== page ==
KUSHAGR DIXIT |12th November 2019


hen one mentions the name Krishnamachari Srikkanth, it is bound to bring smiles to the faces of a generation of Indian cricket fans as they witnessed him change the face of opening batsmanship in India; his walk before each delivery towards the square leg Umpire, the facial expressions only he could make and most importantly, his absolutely fearless approach to batting are the things that endeared him to the masses. Srikkanth was nothing short of a revolutionary in Indian cricket and one of the earliest players to flay the bowlers to all parts of the ground when most openers across the world believed in seeing the new ball out and capitalizing later. ‘Chikka’, as he is lovingly known by his peers and fans alike was truly an attraction for the crowds as there were rarely ever any dull moments with him at the crease.

A Star Is Born

Srikkanth’s cricketing journey started with him representing Tamil Nadu in the 1978-79 Ranji Trophy. His impressive displays saw Srikkanth make his first foray in Indian colors with the Indian under-19 team when he was selected in the squad to face Pakistan along with future superstars such as Ravi Shastri, Navjot Sidhu, Mohammad Azharuddin and Manoj Prabhakar.

Kris Srikkanth was a maverick and a favorite amongst his peers for his sense of humor and mannerisms. To say he was a superstitious athlete would hardly do justice to the man’s belief in the higher powers and his affinity towards his routine about numerology was almost as famous as his swashbuckling stroke-play.

From the very beginning, he built a reputation for himself as an aggressive batsman who wasn’t in the mould of those who had come before him. His exploits for Tamil Nadu and the Indian junior teams soon brought him to the notice of the national selectors and in 1981, he made his ODI debut versus England at Ahmedabad. Just 2 days after his ODI debut, Srikkanth made his first bow into Test Cricket against the English at Mumbai’s Wankhede Stadium and even his dismissal could be termed as one of the most ’Chikka’ things ever.

While batting on 13 in the second innings, he hit the ball to the off-side and casually strolled out of the crease paying little heed to the fielders converging on the ball and as luck would have it, John Emburey swooped onto the ball and hit the stumps to have him run-out.

The Man for the Big Occasion

Krishnamachari Srikkanth’s career with the Indian team can be best described and understood in terms of his strike rate in Test cricket. In an era when most batsmen scored at a 45-55 strike rate, he stood out with a career strike rate of over 75, enthralling the spectators with his flowing and fearless stroke play and always keeping the opposition captain guessing when it came to field placements. He had all the shots in his locker to score swiftly and could play all around the wicket to the sheer disdain of the opposing bowlers. The two biggest landmarks in his career surely were the 1983 World Cup final and The Benson & Hedges World Championship of Cricket in 1985.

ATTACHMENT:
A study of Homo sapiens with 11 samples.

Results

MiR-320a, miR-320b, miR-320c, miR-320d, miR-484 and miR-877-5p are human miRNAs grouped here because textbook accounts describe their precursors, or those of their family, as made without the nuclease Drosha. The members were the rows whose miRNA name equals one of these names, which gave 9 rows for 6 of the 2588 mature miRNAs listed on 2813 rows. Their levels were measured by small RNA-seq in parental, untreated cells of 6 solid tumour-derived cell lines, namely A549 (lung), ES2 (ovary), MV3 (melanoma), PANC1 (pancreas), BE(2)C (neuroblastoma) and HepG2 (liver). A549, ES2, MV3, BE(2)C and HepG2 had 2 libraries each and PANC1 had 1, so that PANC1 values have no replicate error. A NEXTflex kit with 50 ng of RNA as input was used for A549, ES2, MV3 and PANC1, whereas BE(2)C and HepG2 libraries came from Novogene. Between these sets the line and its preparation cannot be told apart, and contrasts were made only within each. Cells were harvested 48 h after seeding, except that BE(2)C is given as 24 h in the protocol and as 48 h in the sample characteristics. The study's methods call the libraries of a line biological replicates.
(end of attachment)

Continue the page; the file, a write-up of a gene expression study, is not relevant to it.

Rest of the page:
In a match where both the teams were restricted to really paltry scores, Srikkanth made a vital contribution to the Indian total by scoring 38 runs which incidentally was the highest individual score amongst both the teams. India ended up winning the World Cup final by 43 runs which further emphasized how important his contribution had been in India’s biggest ever cricket match in its history till then.

He showcased his love for the big stage once again during the B&H World Championships in 1985 held in Australia. Srikkanth here was a part of arguably one the best white ball teams India has ever produced. He had become a seasoned campaigner by then and stamped his authority by becoming the highest run-scorer in the tournament, scoring 238 runs. The sensational Srikkanth once again dominated the final against Pakistan with a breezy innings of 67 in 77 deliveries, which effectively led to the comfortable chasing down of the target and confirmed India’s status of being the best team in the world.

Chikka also holds the distinction of being the first Indian captain under whom a certain fresh-faced Sachin Tendulkar made his debut in Pakistan. Srikkanth ended his international career post the 1992 World Cup in Australia, playing and performing for his country for 11 years with utmost aplomb.

Chikka’s Second Innings

In 2008, BCCI announced a new selection committee which was to be headed by Krishnamachari Srikkanth. The main focus of the committee was to provide the roadmap for the grooming and building of the Indian squad for the-then upcoming World Cup in 2011, which was jointly hosted by India, Bangladesh and Sri Lanka. He played a pivotal role in reposing faith in the captain and the squad to ensure that ample opportunities were given to the players to perform and that any form of insecurity regarding selection amongst the players was done away with. India would go on to achieve the world No.1 ranking in Tests for the first time ever in 2009 in New Zealand.

Leading up to the 2011 World Cup, the Indian team was shaping up very well under the stewardship of MS Dhoni who was ably supported by the Selection Committee and the Chief Selector. It was a magical time in Indian cricket as the nation would go on to win the World Cup again after 28 years, leading to a national celebration that lasted for weeks if not months. Interestingly, the only man to have been involved in both the Indian World Cup victories is Krishnamachari Srikkanth and his contribution to Indian cricket is immense.

Through his batting, Chikka left an indelible mark on the hearts and minds of the fans and through his stint as the Chairman of Selectors, he played his part in giving an entirely new generation of supporters the greatest feeling possible- the joy of being world champions.

His stature in Indian cricket remains unforgettable.